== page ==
Elevator Design that has Killed Children for Years

Safety First - The Cooper Firm

Elevator Design that has Killed Children for Years

Thousands of people have installed small elevators in their multiple story houses and condos all over the country, but many are unaware of how hazardous these elevators can be for small children. Several incidents have been reported of children entrapping themselves between the hoistway door (a swing like door which looks like a closet or room door) and the accordion style door (that encloses the elevator). When the outside hoistway door closes it automatically locks so that it cannot be opened when the elevator is in use. When the child entraps themselves in this space and the elevator is in motion it can cause severe injuries, brain damage, and even death.

This terrible scenario happened to the Helvey family in 2010. Jacob Helvey was three-years-old when he decided to follow his mom upstairs who was moving some laundry. Jacob closed himself in the open space. When his mom heard the noise, she summoned the elevator upstairs which in turn crushed Jacob’s back and caused him to suffer severe brain damage.

Even though there are no warnings of this dangerous gap, the elevator manufacturers have been aware of children being killed or severely injured since the 1930s. Otis, a large elevator manufacturer, revealed in a New Jersey case brought against them that from 1983-1993 there were 34 injuries in the New York and New Jersey area alone. The Consumer Product Safety Commission (CPSC) was alerted with of design defect and the results that the Helvey family and attorneys for similar cases had found, but no action has been taken by the CPSC.

Otis, knowing about the many the injuries and deaths of children, had a patent for an inexpensive shield that could be installed at the bottom of the door to prevent a child or person from putting themselves inside that gap, but it was never installed. An inter-office memo dated in 1943 was found. It read that even with the shield it is still possible for a person to hang or support themselves above the shield and still potentially retain a serious injury. Certain hardware would need to be removed to ensure proper safety. But Otis never took the initiative to remove it or even alert owners and consumers.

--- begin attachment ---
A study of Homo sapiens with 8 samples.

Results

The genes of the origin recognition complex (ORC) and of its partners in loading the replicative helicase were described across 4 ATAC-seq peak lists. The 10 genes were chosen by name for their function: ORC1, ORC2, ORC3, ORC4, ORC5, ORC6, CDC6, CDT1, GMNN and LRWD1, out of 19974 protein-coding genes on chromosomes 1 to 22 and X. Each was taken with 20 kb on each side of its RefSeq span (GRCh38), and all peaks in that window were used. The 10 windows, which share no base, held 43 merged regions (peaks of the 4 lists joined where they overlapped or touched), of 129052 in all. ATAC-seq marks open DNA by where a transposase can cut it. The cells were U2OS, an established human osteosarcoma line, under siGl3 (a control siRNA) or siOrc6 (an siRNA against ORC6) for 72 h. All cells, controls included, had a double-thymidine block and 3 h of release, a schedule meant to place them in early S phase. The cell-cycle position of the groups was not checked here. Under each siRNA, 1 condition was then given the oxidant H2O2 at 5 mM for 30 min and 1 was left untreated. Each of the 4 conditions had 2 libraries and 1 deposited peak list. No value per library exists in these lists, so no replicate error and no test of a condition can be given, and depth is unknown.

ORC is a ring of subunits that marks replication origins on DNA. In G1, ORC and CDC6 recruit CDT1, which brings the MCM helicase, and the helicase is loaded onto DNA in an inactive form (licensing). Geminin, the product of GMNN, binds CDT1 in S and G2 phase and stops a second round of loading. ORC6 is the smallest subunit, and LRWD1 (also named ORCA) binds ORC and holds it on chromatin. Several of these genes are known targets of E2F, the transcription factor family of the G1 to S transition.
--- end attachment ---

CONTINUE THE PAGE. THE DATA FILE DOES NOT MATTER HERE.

After Otis’s dirty laundry was aired in several cases, they initiated a safety campaign and fixed 4,000 elevators by installing proper space guards. They even initiated a legislative campaign to have all states adopt the ASME standards related to the space problem. Most states either did not adopt the standard or the ASME standards changed which made the gap for children to slip into even wider. What could be an easy and inexpensive fix was never truly fixed. With Otis being one of the safest elevator manufactures having this many problems, it is scary to think that this is going on with other manufacturers all over the country. There are dozens of elevator manufacturers and none of them are being regulated by the Consumer Product Safety Commission.

For more information on this story as well as other product liability related subjects you can visit www.safetyresearch.net.